Court of Appeal dismisses preliminary appeal in class action against Mastercard

Court of Appeal dismisses preliminary appeal in class action against Mastercard

The Court of Appeal dismissed all three inter-party appeals on preliminary issues in the landmark case Walter Merrick CBE v Mastercard Incorporated and others class action.

The appeals before Sir Julian Flaux, Lord Justice Green and Lord Justice Snowdon concerned whether the Limitation Act 1980 and the Limitation and Limitation (Scotland) Act 1973 were replaced by the Competition Act 1998 and the CAT Rules; what law governs claims relating to transactions with foreign merchants; and whether Mastercard is entitled to advance a counterfactual “based on alternative EEA multilateral interchange fees in accordance with Article 101 of the Treaty on the Functioning of the European Union”.

The claim is brought by Walter Merricks, as class representative, on behalf of approximately 45 million UK residents who purchased goods and services with Mastercard between 1992 and 2008. It is alleged that buyers overpaid for their goods because of inflated interchange fees imposed by Mastercard.

In main judgmentwith which Lord Justice Green and Lord Justice Snowdon agreed, Sir Julian Flaux said he would be “prepared to give Mastercard permission to appeal” on the issue of applicable law “given that this issue arises for the first time in the context of collective proceedings and is of some financial significance”.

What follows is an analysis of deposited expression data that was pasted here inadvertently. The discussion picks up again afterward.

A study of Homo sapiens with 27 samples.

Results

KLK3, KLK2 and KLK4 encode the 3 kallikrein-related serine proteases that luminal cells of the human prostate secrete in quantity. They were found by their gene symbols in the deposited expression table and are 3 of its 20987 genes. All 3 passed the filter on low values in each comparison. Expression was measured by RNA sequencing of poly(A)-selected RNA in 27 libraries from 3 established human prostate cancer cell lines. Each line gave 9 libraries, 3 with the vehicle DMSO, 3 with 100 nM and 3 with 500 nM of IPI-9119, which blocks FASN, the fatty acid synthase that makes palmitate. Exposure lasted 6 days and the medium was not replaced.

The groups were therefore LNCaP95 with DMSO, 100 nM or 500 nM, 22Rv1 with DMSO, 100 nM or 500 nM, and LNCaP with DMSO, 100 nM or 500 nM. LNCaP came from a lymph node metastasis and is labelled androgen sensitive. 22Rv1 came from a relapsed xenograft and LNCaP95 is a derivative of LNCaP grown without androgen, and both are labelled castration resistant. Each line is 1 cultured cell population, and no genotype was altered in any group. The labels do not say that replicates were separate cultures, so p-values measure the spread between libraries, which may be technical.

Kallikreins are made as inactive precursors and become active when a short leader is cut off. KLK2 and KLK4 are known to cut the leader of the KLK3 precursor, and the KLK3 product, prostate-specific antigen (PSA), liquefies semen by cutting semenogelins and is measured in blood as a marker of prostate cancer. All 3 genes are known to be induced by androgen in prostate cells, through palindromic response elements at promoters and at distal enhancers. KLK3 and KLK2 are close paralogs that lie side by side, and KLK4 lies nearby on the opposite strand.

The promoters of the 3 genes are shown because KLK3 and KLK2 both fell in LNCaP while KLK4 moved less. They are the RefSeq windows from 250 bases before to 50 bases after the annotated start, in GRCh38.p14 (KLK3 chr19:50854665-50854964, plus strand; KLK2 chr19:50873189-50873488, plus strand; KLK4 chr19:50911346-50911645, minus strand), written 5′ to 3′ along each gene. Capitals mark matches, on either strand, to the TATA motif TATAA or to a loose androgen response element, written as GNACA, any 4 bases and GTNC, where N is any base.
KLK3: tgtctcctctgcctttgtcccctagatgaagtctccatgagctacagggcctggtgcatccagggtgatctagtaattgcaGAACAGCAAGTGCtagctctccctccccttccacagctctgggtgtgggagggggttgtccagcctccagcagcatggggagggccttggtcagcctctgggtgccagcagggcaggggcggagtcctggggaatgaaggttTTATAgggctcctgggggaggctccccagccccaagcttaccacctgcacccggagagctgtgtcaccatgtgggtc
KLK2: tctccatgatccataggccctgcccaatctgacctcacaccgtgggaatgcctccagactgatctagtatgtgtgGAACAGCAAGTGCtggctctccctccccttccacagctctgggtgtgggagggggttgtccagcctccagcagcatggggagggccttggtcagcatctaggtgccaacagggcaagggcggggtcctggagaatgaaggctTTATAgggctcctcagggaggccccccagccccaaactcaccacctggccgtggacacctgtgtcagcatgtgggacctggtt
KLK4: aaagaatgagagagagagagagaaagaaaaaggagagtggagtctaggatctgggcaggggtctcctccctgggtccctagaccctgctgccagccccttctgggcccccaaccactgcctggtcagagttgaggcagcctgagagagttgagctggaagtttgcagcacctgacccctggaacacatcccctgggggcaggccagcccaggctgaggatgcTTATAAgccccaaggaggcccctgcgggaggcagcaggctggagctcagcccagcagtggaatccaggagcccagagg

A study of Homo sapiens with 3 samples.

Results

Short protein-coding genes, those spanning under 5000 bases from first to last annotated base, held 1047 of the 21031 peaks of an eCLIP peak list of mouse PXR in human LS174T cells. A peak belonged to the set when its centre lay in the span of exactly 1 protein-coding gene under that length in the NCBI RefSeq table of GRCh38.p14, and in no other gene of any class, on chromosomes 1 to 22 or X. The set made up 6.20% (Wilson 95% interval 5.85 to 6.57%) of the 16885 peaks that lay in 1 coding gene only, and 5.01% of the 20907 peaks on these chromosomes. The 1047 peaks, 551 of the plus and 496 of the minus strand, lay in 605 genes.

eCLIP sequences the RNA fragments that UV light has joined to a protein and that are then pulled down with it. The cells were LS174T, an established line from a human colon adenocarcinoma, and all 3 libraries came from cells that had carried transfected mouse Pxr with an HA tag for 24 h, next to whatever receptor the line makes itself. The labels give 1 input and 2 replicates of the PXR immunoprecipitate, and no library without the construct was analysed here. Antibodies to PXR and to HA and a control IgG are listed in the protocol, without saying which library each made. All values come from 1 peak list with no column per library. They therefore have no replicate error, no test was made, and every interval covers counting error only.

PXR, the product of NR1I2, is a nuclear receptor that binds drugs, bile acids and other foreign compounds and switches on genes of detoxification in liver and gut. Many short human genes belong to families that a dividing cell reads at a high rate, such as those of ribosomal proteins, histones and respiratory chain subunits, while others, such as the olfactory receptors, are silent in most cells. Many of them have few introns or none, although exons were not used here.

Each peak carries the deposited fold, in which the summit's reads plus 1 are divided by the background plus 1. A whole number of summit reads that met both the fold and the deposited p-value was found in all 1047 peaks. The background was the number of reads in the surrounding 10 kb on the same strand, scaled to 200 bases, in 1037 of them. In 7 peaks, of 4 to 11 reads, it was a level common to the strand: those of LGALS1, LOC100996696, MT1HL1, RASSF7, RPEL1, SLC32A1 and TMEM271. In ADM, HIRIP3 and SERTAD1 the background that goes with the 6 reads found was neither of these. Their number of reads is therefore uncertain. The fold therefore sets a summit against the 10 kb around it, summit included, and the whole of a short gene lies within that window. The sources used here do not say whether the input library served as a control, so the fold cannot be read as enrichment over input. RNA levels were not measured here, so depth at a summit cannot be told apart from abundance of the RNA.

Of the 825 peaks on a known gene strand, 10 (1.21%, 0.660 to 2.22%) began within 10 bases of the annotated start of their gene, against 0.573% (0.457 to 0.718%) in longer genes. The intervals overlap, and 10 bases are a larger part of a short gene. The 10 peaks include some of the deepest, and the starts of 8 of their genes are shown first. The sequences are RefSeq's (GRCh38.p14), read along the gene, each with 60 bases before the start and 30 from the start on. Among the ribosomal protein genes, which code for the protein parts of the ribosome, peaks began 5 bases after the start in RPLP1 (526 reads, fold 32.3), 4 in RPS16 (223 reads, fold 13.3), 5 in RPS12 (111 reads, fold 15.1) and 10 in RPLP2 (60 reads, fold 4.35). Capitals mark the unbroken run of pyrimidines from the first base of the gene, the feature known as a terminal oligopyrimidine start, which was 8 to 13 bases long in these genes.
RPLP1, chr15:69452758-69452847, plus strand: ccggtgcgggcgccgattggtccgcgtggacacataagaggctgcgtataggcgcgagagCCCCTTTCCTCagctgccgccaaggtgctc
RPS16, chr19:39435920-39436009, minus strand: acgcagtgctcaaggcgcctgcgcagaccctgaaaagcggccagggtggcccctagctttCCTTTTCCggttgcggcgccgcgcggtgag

However, he said that “the Court should take into account that the restriction of competition was definitively decided by the (European) Commission.”

Referring to the issue of limitation, which the CoA found to be non-arguable, the judge held that the CAT had been right to reject Merricks’ arguments.

He added: “While it is true that the limitation provisions of the CA 1998 and the CAT Rules are confusing and confusing… it is inherently unlikely that Parliament ever intended that claims which were time-barred on 20 June 2003 should somehow be revived and no longer time-barred 12 years later when the 2015 Rules came into force. A conclusion to that effect would be highly surprising and illogical.”